Pakistani Social Media Star Strangled In Apparent 'Honor' Killing

It is a social behavior. It must be confronted socially. #QandeelBaloch,” said another. “People are too quick to judge. Regardless of her way of living she shouldn't have been murdered

Pakistani Social Media Star Strangled In Apparent 'Honor' Killing

Each year, hundreds of Pakistani women are killed by relatives angered by behavior that they think has tarnished the family's reputation, human-rights activists say. At a press conference, it was reported he had killed Ms Baloch "for honour".

According to the report, the police described the incident as "honour killing", adding that her brother had protested at the "kind of pictures she had been posting online" prior to her death. "It seems to be a case of honour killing but we are investigating it", district police chief Azhar Akram said. Baloch was outspoken about her social-media presence and identity. She received multiple death threats and suffered frequent misogynist abuse but continued posting provocative pictures and videos.

Qandeel was reported to have been strangled in her sleep at her family home.

Most recently, Baloch became embroiled in public scandal when she posted selfies with Mufti Adbul Qavi, a prominent cleric, in a Karachi hotel room during the holy Islamic month of Ramadan.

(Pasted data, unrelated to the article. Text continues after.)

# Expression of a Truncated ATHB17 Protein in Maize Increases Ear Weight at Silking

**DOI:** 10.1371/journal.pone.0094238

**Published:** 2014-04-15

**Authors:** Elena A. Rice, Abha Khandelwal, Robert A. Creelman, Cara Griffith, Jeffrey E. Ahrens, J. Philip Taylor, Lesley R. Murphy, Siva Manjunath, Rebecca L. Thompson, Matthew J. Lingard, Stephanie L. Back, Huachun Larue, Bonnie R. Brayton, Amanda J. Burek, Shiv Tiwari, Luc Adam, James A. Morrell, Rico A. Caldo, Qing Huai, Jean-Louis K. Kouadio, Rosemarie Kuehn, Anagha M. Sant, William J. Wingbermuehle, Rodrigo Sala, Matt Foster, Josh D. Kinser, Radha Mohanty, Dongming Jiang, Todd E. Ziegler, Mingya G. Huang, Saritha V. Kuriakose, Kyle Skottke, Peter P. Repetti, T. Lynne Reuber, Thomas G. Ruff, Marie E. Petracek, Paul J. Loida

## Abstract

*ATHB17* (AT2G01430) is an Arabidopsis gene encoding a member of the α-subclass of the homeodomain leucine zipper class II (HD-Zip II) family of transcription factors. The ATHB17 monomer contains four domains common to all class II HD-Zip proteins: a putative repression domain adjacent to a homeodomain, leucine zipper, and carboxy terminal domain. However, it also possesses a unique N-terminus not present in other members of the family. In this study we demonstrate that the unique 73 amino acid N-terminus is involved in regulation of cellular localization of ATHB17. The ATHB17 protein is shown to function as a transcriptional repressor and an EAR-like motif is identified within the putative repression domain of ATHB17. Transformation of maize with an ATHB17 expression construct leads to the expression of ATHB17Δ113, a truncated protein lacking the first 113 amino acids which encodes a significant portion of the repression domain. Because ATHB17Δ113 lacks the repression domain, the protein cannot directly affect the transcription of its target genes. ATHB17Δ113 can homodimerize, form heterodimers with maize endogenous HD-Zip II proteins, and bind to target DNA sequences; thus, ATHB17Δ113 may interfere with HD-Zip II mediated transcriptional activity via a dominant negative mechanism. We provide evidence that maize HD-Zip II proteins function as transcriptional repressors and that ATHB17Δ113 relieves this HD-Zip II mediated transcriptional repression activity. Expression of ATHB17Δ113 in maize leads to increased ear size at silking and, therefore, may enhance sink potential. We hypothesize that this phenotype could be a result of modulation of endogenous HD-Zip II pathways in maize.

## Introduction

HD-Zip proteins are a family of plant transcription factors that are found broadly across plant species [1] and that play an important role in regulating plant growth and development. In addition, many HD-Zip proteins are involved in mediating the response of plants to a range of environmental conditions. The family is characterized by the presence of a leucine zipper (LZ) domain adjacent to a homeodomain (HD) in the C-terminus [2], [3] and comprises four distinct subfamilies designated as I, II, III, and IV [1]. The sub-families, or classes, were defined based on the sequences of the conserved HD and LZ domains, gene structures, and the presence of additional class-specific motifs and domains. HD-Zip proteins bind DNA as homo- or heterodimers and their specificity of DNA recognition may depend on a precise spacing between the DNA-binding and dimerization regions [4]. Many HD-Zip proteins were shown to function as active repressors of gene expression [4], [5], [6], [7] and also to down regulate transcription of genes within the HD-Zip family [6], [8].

She had said her life was in danger and that she was being threatened via calls on her mobile number and that she did not have security measures installed in her home, the paper said.

Police have said that they are now looking for Waseem, who is now missing.

Baloch's raunchy social media photos challenged social norms in Pakistan, a deeply conservative country where women are often repressed by their family or the community. "It's time to bring a change because the world is changing. let's open our minds and live in present".

"While her approach to fame is not original, the woman herself is an interesting example of how a typically conservative society like Pakistan both vilifies sex and is obsessed with it...."

In a high-profile stunt, she promised to strip should Pakistan beat India in a recent cricket match -- but as the BBC points out, Pakistan lost so we don't know what would have happened.

"I believe I am a modern day feminist", she said, in one of her final Facebook posts.

"As women we must stand up for ourselves". She sought out help from the government, and had hoped for protection.

Qandeel was a media sensation, bold in her videos and considered quite controversial in the country.

Obaid-Chinoy's film was hailed by Pakistan's Prime Minister Nawaz Sharif, who in February vowed to push through anti-honor killing legislation.